What if your coworkers were regularly being killed off, and in spectacularly implausible ways, while your superiors were always left unfazed and untouched? Wouldn’t you try to figure out why and make sure whatever was happening to them didn’t happen to you? This is the premise John Scalzi boldly explores in Redshirts.

Ensign Andrew Dahl has just been assigned to the Intrepid, the flagship of the Universal Union. But once he reports for his new posting, he can’t help but notice that things on the Intrepid are far from normal. His crewmates in the Xenobiology lab mysteriously disappear and reappear with little or no notice, as if they are hiding from something or someone, and this behavior is not limited to Ensign Dahl’s lab. Everyone on board seems preoccupied with away missions. The senior officers are concerned with finding individuals willing to go on them, and the crew, conversely, seems set on doing anything possible to avoid them. The reason for this quickly becomes clear because every away mission involves some sort of hostile interaction with the species native to the world being visited. And while the command crew, especially Captain Lucius Abernathy and Science Officer Q’eeng, always emerge from these hostilities unharmed, at least one low-ranking crewmember always dies. In fact, the Intrepid’s fatality statistics are unbelievably high compared to those of other ships in the fleet. Why is this, and why is it allowed to continue?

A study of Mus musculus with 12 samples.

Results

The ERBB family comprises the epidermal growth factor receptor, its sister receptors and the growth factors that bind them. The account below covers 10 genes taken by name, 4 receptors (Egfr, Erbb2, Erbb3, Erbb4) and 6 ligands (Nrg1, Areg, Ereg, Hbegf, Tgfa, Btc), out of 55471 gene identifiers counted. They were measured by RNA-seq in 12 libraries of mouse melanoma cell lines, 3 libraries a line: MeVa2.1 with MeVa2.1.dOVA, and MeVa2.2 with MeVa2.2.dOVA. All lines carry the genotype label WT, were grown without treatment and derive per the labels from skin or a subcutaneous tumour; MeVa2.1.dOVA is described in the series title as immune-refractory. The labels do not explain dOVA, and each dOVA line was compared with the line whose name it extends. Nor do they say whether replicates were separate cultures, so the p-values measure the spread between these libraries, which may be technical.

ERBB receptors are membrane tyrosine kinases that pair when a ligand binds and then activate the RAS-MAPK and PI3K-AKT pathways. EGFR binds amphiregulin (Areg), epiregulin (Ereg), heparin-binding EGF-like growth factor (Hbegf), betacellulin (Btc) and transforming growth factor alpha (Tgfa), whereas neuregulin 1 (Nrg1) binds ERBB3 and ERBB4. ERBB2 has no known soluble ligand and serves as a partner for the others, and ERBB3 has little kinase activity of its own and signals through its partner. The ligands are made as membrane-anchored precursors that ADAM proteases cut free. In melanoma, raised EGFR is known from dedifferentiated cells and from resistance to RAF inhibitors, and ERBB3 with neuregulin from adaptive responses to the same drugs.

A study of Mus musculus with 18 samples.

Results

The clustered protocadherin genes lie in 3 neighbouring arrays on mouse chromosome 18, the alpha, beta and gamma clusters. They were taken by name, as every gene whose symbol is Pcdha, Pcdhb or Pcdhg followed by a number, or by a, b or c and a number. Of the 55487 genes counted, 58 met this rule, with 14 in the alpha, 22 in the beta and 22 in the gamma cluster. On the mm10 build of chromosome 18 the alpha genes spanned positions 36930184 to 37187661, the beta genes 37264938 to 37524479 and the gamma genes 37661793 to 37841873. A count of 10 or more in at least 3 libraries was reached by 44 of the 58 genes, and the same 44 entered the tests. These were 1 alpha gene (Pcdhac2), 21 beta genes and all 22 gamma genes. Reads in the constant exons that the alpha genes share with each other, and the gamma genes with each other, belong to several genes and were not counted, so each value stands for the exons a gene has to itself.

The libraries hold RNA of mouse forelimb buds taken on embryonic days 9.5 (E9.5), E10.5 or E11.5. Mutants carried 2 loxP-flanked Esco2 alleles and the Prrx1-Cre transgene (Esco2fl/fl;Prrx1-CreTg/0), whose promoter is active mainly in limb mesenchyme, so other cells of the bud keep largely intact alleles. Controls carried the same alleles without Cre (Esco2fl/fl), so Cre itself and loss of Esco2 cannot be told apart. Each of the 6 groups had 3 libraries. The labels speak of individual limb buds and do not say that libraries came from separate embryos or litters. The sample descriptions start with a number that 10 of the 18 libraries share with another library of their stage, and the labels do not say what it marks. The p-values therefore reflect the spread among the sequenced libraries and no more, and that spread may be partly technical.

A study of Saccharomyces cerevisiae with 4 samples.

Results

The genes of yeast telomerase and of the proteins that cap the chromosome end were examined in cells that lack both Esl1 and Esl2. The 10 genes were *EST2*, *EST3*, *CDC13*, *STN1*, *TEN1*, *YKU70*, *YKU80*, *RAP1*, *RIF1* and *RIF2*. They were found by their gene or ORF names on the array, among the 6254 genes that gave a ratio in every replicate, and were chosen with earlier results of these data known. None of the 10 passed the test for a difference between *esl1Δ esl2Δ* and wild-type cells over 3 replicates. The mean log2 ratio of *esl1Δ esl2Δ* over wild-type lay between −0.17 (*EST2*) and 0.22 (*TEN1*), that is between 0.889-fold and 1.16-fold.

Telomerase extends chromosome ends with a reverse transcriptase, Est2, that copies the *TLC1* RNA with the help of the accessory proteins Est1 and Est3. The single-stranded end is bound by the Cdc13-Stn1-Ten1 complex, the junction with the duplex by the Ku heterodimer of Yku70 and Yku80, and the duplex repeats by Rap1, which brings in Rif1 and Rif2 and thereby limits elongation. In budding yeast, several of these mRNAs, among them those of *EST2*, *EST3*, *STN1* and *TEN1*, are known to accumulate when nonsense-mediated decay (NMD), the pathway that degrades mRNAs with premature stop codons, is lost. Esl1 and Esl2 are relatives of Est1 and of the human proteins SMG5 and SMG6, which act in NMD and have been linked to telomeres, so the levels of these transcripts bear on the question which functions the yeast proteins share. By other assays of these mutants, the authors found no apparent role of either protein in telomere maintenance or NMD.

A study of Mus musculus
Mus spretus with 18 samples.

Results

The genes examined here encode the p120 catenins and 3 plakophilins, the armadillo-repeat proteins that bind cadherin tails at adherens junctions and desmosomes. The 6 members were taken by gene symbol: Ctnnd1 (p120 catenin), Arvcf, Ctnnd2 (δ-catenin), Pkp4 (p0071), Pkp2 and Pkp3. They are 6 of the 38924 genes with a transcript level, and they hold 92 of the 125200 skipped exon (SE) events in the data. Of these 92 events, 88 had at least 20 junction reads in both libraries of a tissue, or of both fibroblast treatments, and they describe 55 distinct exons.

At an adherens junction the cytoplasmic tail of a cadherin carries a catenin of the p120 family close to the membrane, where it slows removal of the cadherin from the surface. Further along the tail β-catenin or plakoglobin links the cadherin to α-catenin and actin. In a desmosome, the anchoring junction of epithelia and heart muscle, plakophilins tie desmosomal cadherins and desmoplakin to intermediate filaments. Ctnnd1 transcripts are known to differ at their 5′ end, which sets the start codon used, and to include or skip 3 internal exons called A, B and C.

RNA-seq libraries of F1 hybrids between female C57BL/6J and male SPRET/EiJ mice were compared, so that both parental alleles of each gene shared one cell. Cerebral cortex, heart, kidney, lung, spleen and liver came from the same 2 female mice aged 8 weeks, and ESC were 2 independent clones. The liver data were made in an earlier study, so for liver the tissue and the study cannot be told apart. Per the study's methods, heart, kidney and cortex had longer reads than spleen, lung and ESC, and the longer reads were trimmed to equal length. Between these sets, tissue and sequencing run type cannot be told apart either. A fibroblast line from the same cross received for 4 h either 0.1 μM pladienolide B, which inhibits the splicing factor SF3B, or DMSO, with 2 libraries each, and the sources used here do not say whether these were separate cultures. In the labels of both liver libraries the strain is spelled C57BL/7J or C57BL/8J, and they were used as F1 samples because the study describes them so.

In Redshirts, John Scalzi seeks out a decades-old joke from a classic science fiction television show (Star Trek, for the uninitiated, where mostly nameless crew members were regularly killed off to illustrate the danger that threatened--but never exterminated--the command crew), and has written an intriguing and enjoyable novel that seems both familiar and comfortable, yet new and engrossing. Clearly, Scalzi is familiar with science fiction television and movies (he writes regularly about both on his blog). He writes with authority about some of the weaker points in well-trodden series and films while also highlighting the elements that make them classics. While he sometimes walks the line between fondness and merciless parody, the result is entertaining, thought-provoking and, ultimately quite touching.

Science fiction author Harlan Ellison once wrote that a critic must be careful not to rob the reader of “the frisson of joyful discovery.” So, in recommending this book, one must be cautious--not because Redshirts shouldn’t be recommended (it should, and is!), but because the discoveries from embarking on this trek must be made for oneself!